To enforce the Center for Disease Control and Prevention (CDC)’s directives for social gatherings, the Crane School District governing board conducted its April meeting via Vimeo (a video streaming platform) Tuesday evening.

Prior to the regular meeting, the board convened in an executive session for a discussion of salaries and benefits for district personnel.


Within the district, COVID-19 has had an effect on technology, instruction, nutrition, transportation and district spending, among other areas.

According to Superintendent Laurie Doering, over 2,000 iPads have been distributed to families for distance learning. The district plans to reclaim these devices, which are managed by the district’s information technology department, by the middle of May.

Through the district’s grab-and-go meal locations, the student nutrition department has served over 120,000 meals to area students since school closures began March 16. According to Doering, the transportation fleet has also been used to deliver meals and instructional packets to the district’s self-contained special education students and their siblings.

Last week’s return from spring break brought students, parents and teachers back together, albeit virtually, to adapt to the new distance learning method. Teachers have provided assignments through various platforms including Google Classroom and Seesaw, as well as through paper-based handouts. However, due to the “potential of viral transmission,” Doering said teachers will not be accepting any completed paper-based assignments; students may take a photo of the completed assignment to submit to their teacher.

“I am fiercely proud of everyone’s ability to do what was needed to continue with our students’ education,” Doering said.

As speculative forecasts for school funding projects a $1.1 billion shortfall for the upcoming year, the district has implemented measures for fiscal management, reserving funds for essential spending only.

“Although the projections are too uncertain to develop definitive plans for resolving the shortfall in a very near term, we’re monitoring this information as it’s made available to us,” Doering said. “Therefore, we have implemented an immediate spending freeze for any nonessential supply, material or services. We remain committed to provide the adjustment for teachers and all other staff in alignment with 20x2020, but we’re concerned about the potential impact for the fiscal year 2021.”


The first reading of new Governing Board JLCG presented a proposed medical response policy to provide clear guidance to staff, administration and families when a child attending a Crane school has an active do-not-resuscitate (DNR) order in place.

“There are, and potentially will be, children attending Crane schools that have physician-approved do-not-resuscitate orders generated and filed by the parent or guardian to these children,” said President Sarah Claridge. “Given that Crane Elementary School District is not a licensed healthcare institution as defined in Arizona Revised Statute 36-401, the DNR orders do not apply to Crane Elementary School District schools or their staff.”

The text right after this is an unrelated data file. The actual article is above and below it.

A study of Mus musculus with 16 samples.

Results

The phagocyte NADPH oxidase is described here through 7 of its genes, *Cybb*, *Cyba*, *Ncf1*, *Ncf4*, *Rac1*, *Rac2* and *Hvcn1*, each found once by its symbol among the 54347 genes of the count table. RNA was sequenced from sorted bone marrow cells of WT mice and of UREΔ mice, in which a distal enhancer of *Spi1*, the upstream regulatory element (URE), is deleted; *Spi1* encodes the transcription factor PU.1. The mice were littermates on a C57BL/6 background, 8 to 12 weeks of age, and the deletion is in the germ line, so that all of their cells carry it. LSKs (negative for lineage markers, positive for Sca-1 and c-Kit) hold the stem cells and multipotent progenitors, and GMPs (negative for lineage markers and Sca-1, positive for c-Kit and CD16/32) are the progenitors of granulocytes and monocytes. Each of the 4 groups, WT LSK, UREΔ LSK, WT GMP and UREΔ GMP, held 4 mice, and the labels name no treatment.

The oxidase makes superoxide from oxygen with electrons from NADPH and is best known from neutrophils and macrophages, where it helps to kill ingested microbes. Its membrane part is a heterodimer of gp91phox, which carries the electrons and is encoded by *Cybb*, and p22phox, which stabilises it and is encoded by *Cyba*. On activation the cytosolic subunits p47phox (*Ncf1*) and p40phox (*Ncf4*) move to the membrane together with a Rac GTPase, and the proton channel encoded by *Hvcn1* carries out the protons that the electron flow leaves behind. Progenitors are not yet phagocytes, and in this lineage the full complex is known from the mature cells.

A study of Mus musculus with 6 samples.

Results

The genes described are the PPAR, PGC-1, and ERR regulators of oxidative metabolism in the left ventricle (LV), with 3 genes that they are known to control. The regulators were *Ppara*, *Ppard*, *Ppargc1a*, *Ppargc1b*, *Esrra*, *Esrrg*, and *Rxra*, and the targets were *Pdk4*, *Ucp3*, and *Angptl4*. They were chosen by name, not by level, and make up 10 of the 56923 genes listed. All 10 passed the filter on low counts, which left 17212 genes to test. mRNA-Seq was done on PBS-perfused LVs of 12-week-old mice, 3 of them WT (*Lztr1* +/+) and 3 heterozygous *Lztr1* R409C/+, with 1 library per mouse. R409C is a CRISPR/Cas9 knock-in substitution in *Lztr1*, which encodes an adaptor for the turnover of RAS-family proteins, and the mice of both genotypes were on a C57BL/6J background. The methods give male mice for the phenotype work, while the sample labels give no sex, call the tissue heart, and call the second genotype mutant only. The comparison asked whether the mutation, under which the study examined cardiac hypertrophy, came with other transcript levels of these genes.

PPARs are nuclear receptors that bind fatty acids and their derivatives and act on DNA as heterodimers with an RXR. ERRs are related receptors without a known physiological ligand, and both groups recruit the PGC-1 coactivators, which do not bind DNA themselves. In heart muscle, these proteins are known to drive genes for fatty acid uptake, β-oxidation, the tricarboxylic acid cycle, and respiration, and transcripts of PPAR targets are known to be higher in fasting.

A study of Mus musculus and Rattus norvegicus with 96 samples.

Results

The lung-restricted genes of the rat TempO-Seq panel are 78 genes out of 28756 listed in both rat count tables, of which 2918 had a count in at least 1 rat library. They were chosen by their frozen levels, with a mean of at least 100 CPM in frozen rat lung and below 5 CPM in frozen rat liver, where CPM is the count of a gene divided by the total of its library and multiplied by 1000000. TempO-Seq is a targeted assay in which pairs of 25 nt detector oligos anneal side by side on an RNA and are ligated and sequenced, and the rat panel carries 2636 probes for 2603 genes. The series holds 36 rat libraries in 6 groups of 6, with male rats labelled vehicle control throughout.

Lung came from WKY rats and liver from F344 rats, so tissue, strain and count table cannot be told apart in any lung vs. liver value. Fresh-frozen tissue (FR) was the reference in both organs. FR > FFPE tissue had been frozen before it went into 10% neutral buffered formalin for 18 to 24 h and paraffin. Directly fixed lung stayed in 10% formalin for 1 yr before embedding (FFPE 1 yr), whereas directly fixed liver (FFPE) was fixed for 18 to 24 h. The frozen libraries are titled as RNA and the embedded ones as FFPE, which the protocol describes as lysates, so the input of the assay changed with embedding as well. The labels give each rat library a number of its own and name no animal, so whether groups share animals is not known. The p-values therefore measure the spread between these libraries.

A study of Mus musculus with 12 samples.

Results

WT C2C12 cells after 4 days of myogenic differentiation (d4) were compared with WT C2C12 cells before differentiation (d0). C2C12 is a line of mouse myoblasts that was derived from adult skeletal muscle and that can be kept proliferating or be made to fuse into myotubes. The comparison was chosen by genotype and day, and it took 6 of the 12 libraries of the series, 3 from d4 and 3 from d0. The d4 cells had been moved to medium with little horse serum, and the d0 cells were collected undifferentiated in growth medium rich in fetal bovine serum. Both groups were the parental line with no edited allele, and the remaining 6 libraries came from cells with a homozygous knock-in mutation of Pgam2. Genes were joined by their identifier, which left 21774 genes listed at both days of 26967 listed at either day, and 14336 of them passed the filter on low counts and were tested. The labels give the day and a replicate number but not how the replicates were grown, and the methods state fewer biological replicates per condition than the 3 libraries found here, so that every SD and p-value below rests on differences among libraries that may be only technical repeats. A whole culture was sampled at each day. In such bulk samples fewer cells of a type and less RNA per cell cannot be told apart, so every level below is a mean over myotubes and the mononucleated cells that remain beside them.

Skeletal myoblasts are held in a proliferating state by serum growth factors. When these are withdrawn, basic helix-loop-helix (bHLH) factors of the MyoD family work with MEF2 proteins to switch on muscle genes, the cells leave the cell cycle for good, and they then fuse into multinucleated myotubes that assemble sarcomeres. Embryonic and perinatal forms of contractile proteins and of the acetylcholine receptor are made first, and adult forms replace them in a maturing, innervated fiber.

Under the proposed policy, district staff and administration would meet together with the students’ families to review the students’ DNR health plan. In the event of a medical emergency, staff is guided to call 911; while parents and guardians are advised to file “any and all” DNR orders with local first responders. As state law for DNR orders are not applicable to school districts, should a staff member administer life saving procedures to a student who has an active DNR order, the district and its staff would be “held harmless,” according to both Doering and Assistant Superintendent Michael Hoffman.

“We felt that it was very important to have something in policy, because we have not up until this time and we have had a couple of parents request this,” said Doering. “We felt like it needed to be outlined and clearly stated what we would do if this were to occur.”

A second reading and consideration to adopt the policy will be presented at the board’s next meeting, slated for Tuesday, May 12.


An annual 2.75% increase to all eligible staff salaries was approved by the board. Additionally, substitute teachers will remain at $95 per day, and graduating college seniors who are currently employed with Crane and unable to complete their testing due to campus closures will be paid $190 per day until they become certified.

The original compensation proposal, which was a 5% increase to all staff’s salaries, will be reviewed at the June governing board meeting.


As of April 1, the district is mandated by the federal government to follow new employer requirements due to the Families First Coronavirus Relief Act, which includes 14-day paid leave provided by the district to employees affected by the pandemic. To comply, the board adopted adjustments to Revised Governing Board Policy GCCA under professional and support staff sick leave.


A new 2020-2021 calendar for the district’s extended school services (ESS) preschools was adopted by the board to include the required 144 school days, with school being in session all day on Wednesdays and non-student days occurring on Fridays to align with Great Beginnings and WACOG preschools’ calendars. The adjustments also include revising “June 2020” to “June 2021” on the calendar.


Tuesday’s recorded meeting and/or minutes are available at and the district’s Facebook page, @craneschools.